It’s like being sleepless in Seattle, except nothing like that at all.
Last month, I visited the midwestern metropolis with a wonderful friend of mine. We’re planning on moving there in the coming months, and thought we ought to make sure that it was a real city and not some mythical world of which we could only dream. Turned out to be a bit of both–it’s an easy city to fall in love with. We wandered around neighborhoods where we might live, met up with friends both of us had gone too long without, ate lots of new foods, received a special tour of art school student studios, and took the customary museum-tourist shots.
On our last full day, my travel pal let me indulge my dream of visiting to the mothership: the Poetry Foundation’s headquarters. Though you can’t simply walk into the offices and curl up in front of the snack machine until somebody eventually takes you on as an intern so that they can get to a snack can of Pringles, access to the library is free. As you might’ve guessed, this library stocks nothing but volumes of poetry.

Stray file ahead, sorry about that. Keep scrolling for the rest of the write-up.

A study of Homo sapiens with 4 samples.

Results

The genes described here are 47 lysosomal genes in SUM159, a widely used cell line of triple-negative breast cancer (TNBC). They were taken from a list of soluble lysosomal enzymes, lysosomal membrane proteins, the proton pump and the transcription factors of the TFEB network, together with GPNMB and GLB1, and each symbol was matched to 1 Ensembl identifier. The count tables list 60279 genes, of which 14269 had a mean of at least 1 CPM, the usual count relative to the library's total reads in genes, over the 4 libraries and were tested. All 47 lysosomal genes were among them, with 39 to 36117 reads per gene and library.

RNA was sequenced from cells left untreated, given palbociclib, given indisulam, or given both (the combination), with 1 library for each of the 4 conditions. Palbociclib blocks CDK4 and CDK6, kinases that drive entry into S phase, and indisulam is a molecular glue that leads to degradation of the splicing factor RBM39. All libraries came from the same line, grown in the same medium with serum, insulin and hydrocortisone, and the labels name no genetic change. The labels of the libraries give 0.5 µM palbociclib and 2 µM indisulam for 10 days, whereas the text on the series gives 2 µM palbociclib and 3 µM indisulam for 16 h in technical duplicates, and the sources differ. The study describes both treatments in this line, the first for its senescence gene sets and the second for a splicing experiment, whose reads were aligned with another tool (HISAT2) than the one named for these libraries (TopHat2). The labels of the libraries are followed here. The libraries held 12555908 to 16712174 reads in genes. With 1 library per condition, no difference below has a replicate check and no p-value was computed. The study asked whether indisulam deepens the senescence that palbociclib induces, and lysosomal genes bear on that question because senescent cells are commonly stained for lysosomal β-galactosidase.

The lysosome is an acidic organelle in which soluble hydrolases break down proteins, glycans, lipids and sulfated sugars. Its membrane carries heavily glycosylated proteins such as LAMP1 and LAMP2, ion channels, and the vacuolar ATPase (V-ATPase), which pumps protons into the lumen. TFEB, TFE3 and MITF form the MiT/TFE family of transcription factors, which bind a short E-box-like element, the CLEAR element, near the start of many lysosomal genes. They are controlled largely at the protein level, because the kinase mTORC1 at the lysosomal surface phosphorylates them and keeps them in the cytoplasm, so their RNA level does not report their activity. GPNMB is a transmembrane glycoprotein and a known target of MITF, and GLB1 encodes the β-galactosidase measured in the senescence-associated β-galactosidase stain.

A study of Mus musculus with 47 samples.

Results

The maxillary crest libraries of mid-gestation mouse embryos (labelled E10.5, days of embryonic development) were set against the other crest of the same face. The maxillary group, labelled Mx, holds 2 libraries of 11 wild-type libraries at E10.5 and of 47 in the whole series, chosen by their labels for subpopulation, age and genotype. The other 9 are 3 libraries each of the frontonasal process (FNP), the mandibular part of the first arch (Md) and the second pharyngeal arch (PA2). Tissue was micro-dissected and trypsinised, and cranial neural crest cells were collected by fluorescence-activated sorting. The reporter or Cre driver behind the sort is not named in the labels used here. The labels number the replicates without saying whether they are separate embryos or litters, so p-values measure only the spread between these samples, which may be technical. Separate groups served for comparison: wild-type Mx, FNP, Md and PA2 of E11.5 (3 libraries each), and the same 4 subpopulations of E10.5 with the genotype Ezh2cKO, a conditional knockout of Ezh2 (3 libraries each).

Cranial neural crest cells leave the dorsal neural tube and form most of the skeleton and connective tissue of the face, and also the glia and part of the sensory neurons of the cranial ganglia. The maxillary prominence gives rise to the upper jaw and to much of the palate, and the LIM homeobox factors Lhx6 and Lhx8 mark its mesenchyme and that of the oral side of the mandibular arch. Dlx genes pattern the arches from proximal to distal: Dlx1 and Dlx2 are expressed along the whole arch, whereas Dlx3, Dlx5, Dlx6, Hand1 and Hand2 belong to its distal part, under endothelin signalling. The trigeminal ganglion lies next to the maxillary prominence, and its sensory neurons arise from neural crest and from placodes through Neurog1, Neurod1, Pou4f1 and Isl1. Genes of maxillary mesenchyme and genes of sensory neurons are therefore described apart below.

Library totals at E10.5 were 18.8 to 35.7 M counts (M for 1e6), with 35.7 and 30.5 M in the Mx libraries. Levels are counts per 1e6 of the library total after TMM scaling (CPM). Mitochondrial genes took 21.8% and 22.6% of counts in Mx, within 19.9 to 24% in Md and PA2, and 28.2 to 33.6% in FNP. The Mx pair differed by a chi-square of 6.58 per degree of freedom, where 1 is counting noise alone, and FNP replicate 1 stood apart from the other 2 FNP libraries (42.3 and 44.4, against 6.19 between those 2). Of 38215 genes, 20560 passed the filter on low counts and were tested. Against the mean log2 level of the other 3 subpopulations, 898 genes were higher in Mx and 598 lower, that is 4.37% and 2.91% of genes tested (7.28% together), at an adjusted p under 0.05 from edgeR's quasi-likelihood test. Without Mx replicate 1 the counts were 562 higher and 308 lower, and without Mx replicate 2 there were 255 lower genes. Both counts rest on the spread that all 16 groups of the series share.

This is where I must confess to taking Sina Queyras‘s advice to, “Take the library to the street; bring the street to the archive,” in an unintended direction. I slid my silly little cards next to books written by some of my favorite poets while I was picking out things to bring down to the reading area. Because I like the idea of maybe making faraway friends with someone who loves the same poets I do, and because no trip is complete without a little rule-breaking.
When a gentleman brought a book back to the librarian to ask her if she knew that it was inscribed by Langston Hughes to a friend, we decided it was time to leave the lovely place and get as much of the city’s air into us as we could before going back east.